I swear by my red-laced Asics, if it were entirely up to my mind, I’d never make it past Mile 1. As soon as my pulse starts to quicken, aches and pains awake, and my lungs begin complaining, that’s when my internal critics are suddenly at their loudest. Am I sure I want to do this right now? Let’s just do a block or two. Tomorrow’s another day.
Over the course of a 10-mile run, I might go through eight different arguments on why I need to keep my legs moving at a particular minute on a particular mile. Later, I often revisit these arguments at a safe distance from the run. They range from the highly logical (“I feel alive when I do this”) to the distant shores of lunacy. Sometimes my mood swings quickly from euphoria to despair and back again.
What do I think about on a run? Everything and nothing. Sometimes I count steps, sometimes I just count nothing. Going up hills I count down, and going down hills I don’t count at all. Sometimes I mentally cycle through a series of inspirational quotes to see which one is going to stick at that exact time. While training for the Disney Marathon a few years ago, a single line from the Foo Fighters’ “My Hero” looped through my head:
“Don’t the best of them bleed it out?”
A simple line, a simple question. I cannot explain why those eight words, in those particular moments, suddenly sounded like gospel to me, but they did. I ran 20 miserable miles in 15-degree temps and blistering December wind. By the end, I felt like getting Dave Grohl’s lyric tattooed on my forearm.
“Flow is the state in which people are so involved in an activity that nothing else seems to matter; the experience itself is so enjoyable that people will do it even at great cost, for the sheer sake of doing it.”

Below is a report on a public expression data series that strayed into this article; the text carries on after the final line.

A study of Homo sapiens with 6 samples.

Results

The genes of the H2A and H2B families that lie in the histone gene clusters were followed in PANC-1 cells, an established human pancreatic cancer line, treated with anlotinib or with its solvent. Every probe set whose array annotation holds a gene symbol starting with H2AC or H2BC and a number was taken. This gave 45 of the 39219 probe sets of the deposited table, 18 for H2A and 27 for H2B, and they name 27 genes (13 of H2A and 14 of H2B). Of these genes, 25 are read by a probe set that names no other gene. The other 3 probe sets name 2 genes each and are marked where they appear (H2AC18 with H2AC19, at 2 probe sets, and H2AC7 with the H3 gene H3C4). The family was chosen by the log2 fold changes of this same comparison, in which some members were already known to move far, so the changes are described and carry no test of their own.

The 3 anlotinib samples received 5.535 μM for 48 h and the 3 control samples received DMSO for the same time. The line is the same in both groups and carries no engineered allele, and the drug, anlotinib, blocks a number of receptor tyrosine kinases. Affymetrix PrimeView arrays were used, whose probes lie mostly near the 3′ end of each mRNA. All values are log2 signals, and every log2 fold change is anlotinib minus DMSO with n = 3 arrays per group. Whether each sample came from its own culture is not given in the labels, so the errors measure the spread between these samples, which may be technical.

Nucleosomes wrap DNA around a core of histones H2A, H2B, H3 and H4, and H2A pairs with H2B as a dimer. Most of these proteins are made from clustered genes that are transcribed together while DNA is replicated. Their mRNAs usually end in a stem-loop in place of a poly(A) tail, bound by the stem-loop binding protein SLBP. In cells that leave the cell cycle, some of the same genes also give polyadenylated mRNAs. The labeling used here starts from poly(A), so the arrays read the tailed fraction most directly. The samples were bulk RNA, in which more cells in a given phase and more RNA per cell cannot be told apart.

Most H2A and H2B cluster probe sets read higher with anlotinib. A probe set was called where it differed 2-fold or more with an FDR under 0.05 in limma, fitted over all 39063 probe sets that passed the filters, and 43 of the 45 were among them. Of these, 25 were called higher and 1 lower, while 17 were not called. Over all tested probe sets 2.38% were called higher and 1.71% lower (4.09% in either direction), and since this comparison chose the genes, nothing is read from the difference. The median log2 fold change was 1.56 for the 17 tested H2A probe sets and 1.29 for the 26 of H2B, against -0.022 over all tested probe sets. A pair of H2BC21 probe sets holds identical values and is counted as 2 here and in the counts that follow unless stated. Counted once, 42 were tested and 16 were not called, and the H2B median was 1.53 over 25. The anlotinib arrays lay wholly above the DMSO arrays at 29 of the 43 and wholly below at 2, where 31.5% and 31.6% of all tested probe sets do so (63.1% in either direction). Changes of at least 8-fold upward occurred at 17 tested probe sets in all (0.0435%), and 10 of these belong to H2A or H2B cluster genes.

Now go back, and re-read that quote with distance running in mind. That probably wasn’t what Csíkszentmihályi was thinking of when he conceived of his theory, but it’s a pretty perfect description of the psychology of why people run.
Running is such a primal activity. It’s the most basic essence of sport. Technology has brought us amazing shoes, wicking fabrics and carbohydrate gel shots, but none of those are in any way essential to running. All you really need is a will to go somewhere, anywhere, and two decent legs to carry you.
People have asked me what it’s like to get that classic cliché of a runner’s high. In the last four years, I’ve really only experienced it maybe three times while on a run. My true runner’s high usually comes about 20 minutes after I finish, when the weight of what I’ve accomplished finally starts to crystallize in my mind.
One of my character weaknesses is a tendency to shy away from conflict. This can be a real problem when it comes to conquering things that need to be conquered. Running is just such an opportunity to conquer. Says ultramarathoner Dean Karnazes:
“People think I’m crazy to put myself through such torture, though I would argue otherwise. Somewhere along the line we seem to have confused comfort with happiness.”
Running helps me sort out that confusion. I need something along the lines of an uncomfortable jolt to bring me to that heightened sense of reality. There’s plenty of pain to be found in running; as much as you can take. Thankfully, there’s awareness, too.